The changes "seem like they're small or affecting just a small number of people, but each one of these things has an impact and it can multiply throughout the economy," Ritter-Martinez said.
State experts said it will take weeks to study the impact of the federal legislation on California's economy and state budget.
The nonpartisan Legislative Analyst's Office warned that California also could have lost as much as $11 billion in tax revenue if the nation fell back into recession. That would wipe out the bulk of tax gains under Proposition 30, a set of temporary sales and income taxes hikes voters approved in November.
The state relies heavily on high-income earners, who now will be hit with multiple tax increases — at the state level under Proposition 30 and on the federal level because of the expiring Bush-era tax cuts. The analyst's office had projected a much smaller deficit of $1.9 billion for the next fiscal year on the assumption that Washington would avoid the fiscal cliff.
Additional data will be available as taxpayers make estimated payments this month and begin filing final returns or making extension payments between now and April.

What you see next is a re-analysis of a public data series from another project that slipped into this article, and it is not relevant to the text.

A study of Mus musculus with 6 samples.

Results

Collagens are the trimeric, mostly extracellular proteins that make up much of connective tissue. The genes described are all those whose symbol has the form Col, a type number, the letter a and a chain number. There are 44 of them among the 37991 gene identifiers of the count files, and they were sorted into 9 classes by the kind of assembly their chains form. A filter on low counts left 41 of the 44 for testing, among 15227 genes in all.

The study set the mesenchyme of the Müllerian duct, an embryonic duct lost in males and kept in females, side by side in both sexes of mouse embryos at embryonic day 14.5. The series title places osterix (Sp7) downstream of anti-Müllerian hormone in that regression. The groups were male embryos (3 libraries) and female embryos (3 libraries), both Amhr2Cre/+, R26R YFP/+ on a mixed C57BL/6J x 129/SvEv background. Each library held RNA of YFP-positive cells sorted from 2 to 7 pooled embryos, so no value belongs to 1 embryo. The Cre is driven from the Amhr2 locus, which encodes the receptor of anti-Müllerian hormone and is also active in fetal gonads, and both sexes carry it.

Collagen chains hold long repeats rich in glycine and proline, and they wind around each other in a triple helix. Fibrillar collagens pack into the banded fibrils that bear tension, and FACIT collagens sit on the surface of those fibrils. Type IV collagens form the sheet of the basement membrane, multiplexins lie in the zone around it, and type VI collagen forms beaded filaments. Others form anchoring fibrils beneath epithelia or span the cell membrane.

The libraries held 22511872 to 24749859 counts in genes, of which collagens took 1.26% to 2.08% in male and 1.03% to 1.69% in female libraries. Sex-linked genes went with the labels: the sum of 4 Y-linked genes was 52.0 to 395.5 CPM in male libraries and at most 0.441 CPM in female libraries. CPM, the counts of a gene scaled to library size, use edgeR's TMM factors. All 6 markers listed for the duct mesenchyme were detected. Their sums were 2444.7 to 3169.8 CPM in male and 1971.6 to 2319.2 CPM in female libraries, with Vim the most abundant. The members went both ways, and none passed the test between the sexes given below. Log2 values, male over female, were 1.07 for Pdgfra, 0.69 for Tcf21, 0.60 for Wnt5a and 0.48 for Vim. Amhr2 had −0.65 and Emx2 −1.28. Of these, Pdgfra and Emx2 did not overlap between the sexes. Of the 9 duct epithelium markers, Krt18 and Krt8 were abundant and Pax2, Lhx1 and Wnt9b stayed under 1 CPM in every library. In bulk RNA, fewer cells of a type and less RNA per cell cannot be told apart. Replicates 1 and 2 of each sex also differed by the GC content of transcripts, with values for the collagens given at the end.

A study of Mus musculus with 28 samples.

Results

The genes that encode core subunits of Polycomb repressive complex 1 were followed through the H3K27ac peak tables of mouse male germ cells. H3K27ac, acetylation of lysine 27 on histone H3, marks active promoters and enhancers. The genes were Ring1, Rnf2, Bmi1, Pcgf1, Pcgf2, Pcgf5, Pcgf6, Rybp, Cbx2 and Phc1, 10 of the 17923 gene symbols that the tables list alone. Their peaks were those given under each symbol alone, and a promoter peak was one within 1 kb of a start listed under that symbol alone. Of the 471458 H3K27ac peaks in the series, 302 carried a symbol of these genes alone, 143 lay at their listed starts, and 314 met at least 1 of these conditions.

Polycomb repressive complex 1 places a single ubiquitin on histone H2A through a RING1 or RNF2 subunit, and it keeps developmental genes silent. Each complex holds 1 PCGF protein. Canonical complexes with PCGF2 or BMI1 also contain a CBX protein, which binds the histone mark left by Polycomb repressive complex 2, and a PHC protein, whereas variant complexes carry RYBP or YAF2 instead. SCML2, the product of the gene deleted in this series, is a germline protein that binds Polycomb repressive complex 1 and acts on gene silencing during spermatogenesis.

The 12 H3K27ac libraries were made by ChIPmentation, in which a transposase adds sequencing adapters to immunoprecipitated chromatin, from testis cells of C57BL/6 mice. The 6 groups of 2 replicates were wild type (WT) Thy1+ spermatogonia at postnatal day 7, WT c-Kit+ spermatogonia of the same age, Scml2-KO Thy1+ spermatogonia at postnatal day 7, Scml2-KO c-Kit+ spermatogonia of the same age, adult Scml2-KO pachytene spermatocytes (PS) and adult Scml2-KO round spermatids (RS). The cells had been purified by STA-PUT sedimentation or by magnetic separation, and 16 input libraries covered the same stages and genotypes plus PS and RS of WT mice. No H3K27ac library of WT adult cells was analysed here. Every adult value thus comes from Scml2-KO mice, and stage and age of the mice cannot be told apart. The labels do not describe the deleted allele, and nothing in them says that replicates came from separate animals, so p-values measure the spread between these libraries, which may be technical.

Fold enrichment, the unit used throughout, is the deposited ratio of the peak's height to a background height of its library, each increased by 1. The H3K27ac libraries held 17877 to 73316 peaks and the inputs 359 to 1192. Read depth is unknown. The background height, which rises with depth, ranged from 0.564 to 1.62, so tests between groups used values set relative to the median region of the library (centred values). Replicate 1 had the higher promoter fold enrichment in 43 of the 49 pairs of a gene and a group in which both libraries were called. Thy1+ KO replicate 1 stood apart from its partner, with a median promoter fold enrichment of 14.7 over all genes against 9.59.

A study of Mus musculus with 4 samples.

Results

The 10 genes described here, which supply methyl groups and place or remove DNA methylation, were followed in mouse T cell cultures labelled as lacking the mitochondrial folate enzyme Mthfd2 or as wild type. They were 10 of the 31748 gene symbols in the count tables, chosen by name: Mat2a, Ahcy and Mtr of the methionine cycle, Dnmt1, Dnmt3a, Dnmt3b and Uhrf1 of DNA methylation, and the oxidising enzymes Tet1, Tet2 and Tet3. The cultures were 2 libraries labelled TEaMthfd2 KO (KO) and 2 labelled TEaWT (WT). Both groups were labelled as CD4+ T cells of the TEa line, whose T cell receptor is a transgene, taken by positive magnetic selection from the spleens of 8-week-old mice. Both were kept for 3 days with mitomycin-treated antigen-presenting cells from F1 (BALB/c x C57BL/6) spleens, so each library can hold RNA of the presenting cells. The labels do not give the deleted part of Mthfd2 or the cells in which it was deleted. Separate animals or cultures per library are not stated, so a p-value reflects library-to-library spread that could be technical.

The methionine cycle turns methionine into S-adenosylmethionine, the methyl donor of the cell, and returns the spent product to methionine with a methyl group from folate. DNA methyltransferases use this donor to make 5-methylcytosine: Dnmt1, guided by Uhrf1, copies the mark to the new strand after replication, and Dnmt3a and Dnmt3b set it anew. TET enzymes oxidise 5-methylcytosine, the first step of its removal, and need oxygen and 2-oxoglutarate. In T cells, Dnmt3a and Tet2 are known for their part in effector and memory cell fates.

"It will take months, in other words, to understand this aspect of the fiscal cliff better," said Deputy Legislative Analyst Jason Sisney.
On Wednesday, the California Employment Development Department said the state should be able to avoid an interruption to unemployment benefits if federal lawmakers don't make any significant changes.
Dr. Paul Phinney, president of the California Medical Association, said the fiscal cliff deal brought a mixed blessing to physicians, a vast majority of whom accept Medicare.
"We're pleased that they did that but the last-minute deals like this are really disruptive to practices and to continuity of care," Phinney said. "There are a lot of physicians that have spent the last several weeks trying to figure out what they were going to do if these cuts would have gone into effect."